Lebanese expatriates in Iran and nine Arab countries have cast their votes for the country’s parliamentary elections, almost three years into an unprecedented and crippling economic crisis and high inflation that prompted a mass exodus.
About 31,000 Lebanese citizens in 10 countries have registered to vote in the first phase, as the elections are scheduled to be held at home on May 15.
On Sunday, nearly 195,000 Lebanese citizens plan to cast their ballots in 48 other countries around the world, including the United States, Canada, Australia, Russia, the European Union’s member states and several African nations.
It is the first time Lebanon’s diaspora has permission to take part in the vote for the 128-mebmer legislature, the first since the country’s economic meltdown began in October 2019.
According to Lebanon’s official National News Agency (NNA), about 36 percent of the registered overseas voters had voted by the afternoon, with some 11,000 ballots cast.
Foreign Affairs Minister Abdallah Bou Habib expressed hope for a 70-percent participation, saying voters in the Persian Gulf states “usually rush to the ballot boxes in the evening.”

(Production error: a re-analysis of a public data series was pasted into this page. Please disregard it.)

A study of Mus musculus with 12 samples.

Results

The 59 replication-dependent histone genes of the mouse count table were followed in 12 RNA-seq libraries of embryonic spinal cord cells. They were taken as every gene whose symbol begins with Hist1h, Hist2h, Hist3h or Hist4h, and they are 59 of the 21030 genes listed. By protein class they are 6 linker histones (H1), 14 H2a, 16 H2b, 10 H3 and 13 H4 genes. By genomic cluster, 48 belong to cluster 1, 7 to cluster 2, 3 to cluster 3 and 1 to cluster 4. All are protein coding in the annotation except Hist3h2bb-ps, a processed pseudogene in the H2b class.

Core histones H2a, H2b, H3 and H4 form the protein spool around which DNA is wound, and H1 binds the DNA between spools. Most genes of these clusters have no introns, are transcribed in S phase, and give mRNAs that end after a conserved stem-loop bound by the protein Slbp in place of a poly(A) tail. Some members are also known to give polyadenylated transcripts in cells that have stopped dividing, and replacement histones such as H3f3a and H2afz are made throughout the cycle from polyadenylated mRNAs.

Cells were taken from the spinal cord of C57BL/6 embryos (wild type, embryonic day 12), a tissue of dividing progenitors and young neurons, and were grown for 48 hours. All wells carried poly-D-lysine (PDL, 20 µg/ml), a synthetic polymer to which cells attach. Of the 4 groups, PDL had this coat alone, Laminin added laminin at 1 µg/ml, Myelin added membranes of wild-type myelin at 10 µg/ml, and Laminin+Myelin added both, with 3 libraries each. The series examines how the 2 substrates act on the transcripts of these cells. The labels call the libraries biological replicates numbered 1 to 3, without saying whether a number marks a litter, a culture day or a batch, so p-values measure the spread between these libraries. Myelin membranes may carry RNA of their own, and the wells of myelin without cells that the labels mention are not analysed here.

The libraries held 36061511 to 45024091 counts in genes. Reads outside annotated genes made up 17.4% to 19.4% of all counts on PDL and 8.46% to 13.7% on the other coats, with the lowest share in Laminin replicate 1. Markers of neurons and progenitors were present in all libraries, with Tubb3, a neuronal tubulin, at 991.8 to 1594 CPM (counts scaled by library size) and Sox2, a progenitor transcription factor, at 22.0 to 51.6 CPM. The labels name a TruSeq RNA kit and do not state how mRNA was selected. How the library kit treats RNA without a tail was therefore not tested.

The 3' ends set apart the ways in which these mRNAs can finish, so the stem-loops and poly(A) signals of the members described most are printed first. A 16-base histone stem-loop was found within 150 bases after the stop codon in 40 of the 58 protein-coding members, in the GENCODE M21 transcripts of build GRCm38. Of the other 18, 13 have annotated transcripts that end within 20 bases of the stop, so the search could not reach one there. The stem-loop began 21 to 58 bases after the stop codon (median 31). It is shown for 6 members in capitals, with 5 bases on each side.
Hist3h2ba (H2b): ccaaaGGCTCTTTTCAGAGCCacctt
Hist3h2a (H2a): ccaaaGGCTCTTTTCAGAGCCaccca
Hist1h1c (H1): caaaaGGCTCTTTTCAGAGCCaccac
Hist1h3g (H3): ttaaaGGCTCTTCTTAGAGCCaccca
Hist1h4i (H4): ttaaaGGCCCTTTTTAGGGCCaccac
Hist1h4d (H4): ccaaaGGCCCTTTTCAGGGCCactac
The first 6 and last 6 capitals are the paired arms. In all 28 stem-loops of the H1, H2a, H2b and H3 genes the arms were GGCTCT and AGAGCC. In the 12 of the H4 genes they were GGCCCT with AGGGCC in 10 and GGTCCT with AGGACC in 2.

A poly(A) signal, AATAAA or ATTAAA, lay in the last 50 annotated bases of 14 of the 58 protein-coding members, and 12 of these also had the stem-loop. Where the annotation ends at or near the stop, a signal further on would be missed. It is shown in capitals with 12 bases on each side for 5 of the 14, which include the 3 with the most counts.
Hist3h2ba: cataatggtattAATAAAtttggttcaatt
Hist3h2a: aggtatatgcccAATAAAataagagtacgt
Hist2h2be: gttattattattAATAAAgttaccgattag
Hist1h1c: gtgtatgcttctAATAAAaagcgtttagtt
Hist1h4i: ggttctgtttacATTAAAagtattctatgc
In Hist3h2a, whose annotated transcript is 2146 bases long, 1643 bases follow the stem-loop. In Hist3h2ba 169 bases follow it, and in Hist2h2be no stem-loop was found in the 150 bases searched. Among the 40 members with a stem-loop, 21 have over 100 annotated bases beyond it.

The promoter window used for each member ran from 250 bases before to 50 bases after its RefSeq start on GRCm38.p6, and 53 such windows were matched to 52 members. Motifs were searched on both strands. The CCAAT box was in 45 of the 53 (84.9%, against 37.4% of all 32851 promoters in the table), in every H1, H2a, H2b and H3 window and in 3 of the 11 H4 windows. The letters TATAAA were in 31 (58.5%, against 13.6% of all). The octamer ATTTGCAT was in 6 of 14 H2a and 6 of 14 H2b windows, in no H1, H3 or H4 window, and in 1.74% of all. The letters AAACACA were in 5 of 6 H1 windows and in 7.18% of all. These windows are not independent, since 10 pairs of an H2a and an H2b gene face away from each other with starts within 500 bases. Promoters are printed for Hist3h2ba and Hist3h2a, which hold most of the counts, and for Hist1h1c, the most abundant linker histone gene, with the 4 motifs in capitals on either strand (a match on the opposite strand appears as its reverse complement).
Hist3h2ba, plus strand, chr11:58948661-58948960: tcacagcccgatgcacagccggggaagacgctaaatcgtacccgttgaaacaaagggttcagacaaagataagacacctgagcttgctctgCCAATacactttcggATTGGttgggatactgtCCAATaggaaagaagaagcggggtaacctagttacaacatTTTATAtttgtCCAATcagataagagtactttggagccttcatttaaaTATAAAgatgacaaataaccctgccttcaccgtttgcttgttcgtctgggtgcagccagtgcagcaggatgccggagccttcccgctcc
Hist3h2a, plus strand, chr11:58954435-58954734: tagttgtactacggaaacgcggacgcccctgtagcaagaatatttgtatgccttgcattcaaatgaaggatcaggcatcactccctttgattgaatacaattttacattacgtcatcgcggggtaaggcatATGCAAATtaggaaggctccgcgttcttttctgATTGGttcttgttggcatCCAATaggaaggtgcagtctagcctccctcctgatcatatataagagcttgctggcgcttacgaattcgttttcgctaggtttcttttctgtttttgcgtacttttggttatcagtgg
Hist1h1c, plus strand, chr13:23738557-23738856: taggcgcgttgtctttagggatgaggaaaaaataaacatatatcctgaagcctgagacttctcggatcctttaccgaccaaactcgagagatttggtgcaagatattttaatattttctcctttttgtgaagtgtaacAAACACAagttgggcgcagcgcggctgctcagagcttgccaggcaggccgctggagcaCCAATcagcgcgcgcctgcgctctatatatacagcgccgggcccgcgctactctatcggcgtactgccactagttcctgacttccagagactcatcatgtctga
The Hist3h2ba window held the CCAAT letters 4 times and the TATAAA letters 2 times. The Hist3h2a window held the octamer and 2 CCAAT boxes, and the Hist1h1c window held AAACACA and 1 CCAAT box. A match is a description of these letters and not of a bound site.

The NNA has reported 65 percent participation out of the 642 registered voters in Iran, a turnout which was welcomed by Lebanon’s Ambassador to Tehran Hassan Mohammad Abbas. “Lebanese citizens living in Iran have shown lots of enthusiasm,” the ambassador told AFP.
In Saudi Arabia, about 30 percent of over 13,000 registered voters had voted by Friday afternoon, according to the NNA.
The Lebanese foreign minister had said citizens living abroad would be able to vote in more than 205 polling stations worldwide.
More than 225,000 people have registered to vote overseas, a jump from roughly 92,000 in the 2018 elections – though only 50,000 of them voted at the time.
Prime Minister Najib Mikati has called for voters registered abroad “not to be complacent and to vote in large numbers.”
Parliamentary elections in Lebanon are held once every four years. The Hezbollah resistance movement and its allies succeeded in winning majority seats in 2018.
Lebanon’s parliament is equally divided between Christians and Muslims. The new legislature will elect a new president after President Michel Aoun’s term ends in October.
Since late 2019, Lebanon has been mired in a deep financial crisis that has caused the Lebanese pound to lose about 90 percent of its value to the US dollar and led its banking system to collapse, plunging the bulk of the Lebanese into poverty. The economic and financial crisis is mostly linked to the sanctions that the United States and its allies have imposed on Lebanon as well as foreign intervention in the Arab nation’s domestic affairs.
Despite the dire economic situation, Sheikh Naim Qassem, Hezbollah’s deputy secretary general, has said the resistance group does not expect the elections to yield a result much different from 2018. Hezbollah opinion polls across Lebanon showed “the results of the election will be close to the make-up of the current parliament, with slight changes that do not affect the general make-up,” he said.